If you’ve been around the therapy block a time or two before, you may be familiar with the idea of “sitting with your feelings,” but what does that even mean?

Let’s start with what feelings are. Feelings are not emotions. Feelings are what happens in your mind around an emotion. An emotion is an involuntary reaction of the body to the world around it (which is probably why many of us have such strong feelings about our emotions--they’re hard to control). We also have to separate feelings and emotions from the behavior that often comes with them.





Many of us try to classify our feelings in a strict binary: good or bad, positive or negative, healthy or unhealthy. It is not uncommon to run to the off switch when faced with the feelings we’ve told ourselves our bad, or that we're not allowed to feel. But this is not sustainable emotional maintenance. Eventually, something will breakdown.

We have to give those feelings space to breathe. Sometimes sitting with a feeling looks like journaling. Sometimes it looks like making artwork, or writing a song. Sometimes sitting with it means listening to that song that describes it “way better than I ever could.” Most of the feelings that need “sitting with” are the ones that are less pleasant to feel, which makes it way less motivating to give them the time of day. Sometimes sitting with a feeling means talking it through with a loved one, friend, or therapist. Sometimes sitting with a feeling is having a good cry.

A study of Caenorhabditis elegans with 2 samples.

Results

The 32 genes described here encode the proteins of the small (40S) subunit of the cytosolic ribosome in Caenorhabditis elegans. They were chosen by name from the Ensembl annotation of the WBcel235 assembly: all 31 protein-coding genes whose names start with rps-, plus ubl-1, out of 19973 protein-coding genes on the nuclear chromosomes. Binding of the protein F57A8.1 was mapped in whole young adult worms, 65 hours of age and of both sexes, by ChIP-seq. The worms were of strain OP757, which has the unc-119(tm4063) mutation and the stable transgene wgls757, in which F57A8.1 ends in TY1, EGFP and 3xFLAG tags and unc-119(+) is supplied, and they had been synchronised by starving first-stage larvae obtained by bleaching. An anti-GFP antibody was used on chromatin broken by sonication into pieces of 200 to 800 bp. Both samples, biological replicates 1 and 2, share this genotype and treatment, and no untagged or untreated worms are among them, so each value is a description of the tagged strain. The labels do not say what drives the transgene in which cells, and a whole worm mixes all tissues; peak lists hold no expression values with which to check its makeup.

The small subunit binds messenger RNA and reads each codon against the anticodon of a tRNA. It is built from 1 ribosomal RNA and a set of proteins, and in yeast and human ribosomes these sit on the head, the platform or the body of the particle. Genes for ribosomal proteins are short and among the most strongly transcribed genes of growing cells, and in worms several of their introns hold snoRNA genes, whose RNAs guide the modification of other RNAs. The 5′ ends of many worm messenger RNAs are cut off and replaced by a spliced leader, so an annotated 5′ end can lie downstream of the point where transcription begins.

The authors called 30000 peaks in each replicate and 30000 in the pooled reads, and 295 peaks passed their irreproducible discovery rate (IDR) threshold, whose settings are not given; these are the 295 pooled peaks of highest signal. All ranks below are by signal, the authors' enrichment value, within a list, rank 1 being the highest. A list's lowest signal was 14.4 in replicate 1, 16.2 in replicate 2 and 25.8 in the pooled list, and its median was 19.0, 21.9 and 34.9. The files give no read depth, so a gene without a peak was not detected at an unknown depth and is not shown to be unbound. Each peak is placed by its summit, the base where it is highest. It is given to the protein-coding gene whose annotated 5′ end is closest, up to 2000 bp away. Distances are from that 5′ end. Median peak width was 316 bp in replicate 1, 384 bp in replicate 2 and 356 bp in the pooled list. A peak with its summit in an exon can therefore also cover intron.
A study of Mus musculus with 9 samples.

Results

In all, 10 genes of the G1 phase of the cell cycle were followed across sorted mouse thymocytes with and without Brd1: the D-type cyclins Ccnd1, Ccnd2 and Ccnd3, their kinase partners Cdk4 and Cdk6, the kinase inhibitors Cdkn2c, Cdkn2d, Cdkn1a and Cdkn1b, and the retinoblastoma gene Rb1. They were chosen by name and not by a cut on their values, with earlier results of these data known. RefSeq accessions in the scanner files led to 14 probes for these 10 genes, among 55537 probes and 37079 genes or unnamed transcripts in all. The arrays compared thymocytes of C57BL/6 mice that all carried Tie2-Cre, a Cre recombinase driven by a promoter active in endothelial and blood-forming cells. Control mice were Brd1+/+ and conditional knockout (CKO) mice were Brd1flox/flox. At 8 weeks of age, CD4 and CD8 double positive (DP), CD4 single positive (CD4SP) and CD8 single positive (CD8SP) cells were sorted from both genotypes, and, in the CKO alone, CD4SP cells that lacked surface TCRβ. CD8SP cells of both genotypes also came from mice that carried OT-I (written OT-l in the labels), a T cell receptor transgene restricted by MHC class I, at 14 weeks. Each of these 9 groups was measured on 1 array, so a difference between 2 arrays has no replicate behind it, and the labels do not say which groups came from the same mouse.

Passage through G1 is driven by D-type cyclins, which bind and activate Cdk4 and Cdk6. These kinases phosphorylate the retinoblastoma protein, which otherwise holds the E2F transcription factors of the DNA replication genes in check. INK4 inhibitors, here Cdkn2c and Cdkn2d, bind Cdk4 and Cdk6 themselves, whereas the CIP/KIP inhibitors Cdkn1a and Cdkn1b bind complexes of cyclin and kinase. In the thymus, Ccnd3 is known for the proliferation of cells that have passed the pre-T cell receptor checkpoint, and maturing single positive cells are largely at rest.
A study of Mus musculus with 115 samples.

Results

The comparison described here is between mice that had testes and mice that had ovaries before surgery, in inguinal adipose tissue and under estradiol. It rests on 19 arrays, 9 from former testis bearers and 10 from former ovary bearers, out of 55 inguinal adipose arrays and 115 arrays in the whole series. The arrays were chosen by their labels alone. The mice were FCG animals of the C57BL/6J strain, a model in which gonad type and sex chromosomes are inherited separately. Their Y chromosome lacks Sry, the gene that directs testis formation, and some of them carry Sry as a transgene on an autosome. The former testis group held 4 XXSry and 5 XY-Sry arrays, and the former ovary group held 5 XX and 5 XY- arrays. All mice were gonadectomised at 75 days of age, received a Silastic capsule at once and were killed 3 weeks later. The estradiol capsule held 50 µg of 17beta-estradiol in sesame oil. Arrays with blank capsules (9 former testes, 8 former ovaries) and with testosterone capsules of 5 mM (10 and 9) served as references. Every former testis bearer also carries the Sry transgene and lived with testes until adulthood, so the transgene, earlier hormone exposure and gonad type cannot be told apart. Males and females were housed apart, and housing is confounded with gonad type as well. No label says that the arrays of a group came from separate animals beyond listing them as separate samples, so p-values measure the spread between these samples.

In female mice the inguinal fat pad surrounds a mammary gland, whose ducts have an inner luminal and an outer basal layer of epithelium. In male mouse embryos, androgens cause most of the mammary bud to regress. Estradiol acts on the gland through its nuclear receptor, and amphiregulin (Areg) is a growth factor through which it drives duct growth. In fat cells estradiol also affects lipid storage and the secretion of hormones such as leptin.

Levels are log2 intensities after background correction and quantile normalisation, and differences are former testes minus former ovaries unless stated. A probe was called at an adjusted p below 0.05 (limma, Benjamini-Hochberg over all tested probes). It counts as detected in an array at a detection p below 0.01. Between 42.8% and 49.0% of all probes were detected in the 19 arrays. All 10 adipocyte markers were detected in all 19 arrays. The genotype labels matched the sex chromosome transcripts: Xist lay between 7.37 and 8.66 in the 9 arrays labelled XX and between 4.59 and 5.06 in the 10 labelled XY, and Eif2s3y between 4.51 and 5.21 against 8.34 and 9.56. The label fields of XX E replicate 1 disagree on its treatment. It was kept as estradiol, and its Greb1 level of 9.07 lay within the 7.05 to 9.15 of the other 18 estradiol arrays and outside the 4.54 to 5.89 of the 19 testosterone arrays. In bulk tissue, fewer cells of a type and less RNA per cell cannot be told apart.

This is not “sitting in your feelings.” We’re not “wallowing in self-pity” and getting stuck in the pit of despair. There is a little bit of distance in sitting with. Our emotions, and consequently our feelings, are full of useful information about who we are and how we respond to the world around us. Get curious. Why did that one little comment make you feel so strongly? What is going on underneath the surface, causing flare ups of strong emotions and feelings with little provocation?


The list of feelings that are hard to sit with is long. And sitting with them can be uncomfortable, but if we don’t put in the time, things can turn toxic. So sit with them. Listen. What are your feelings trying to tell you?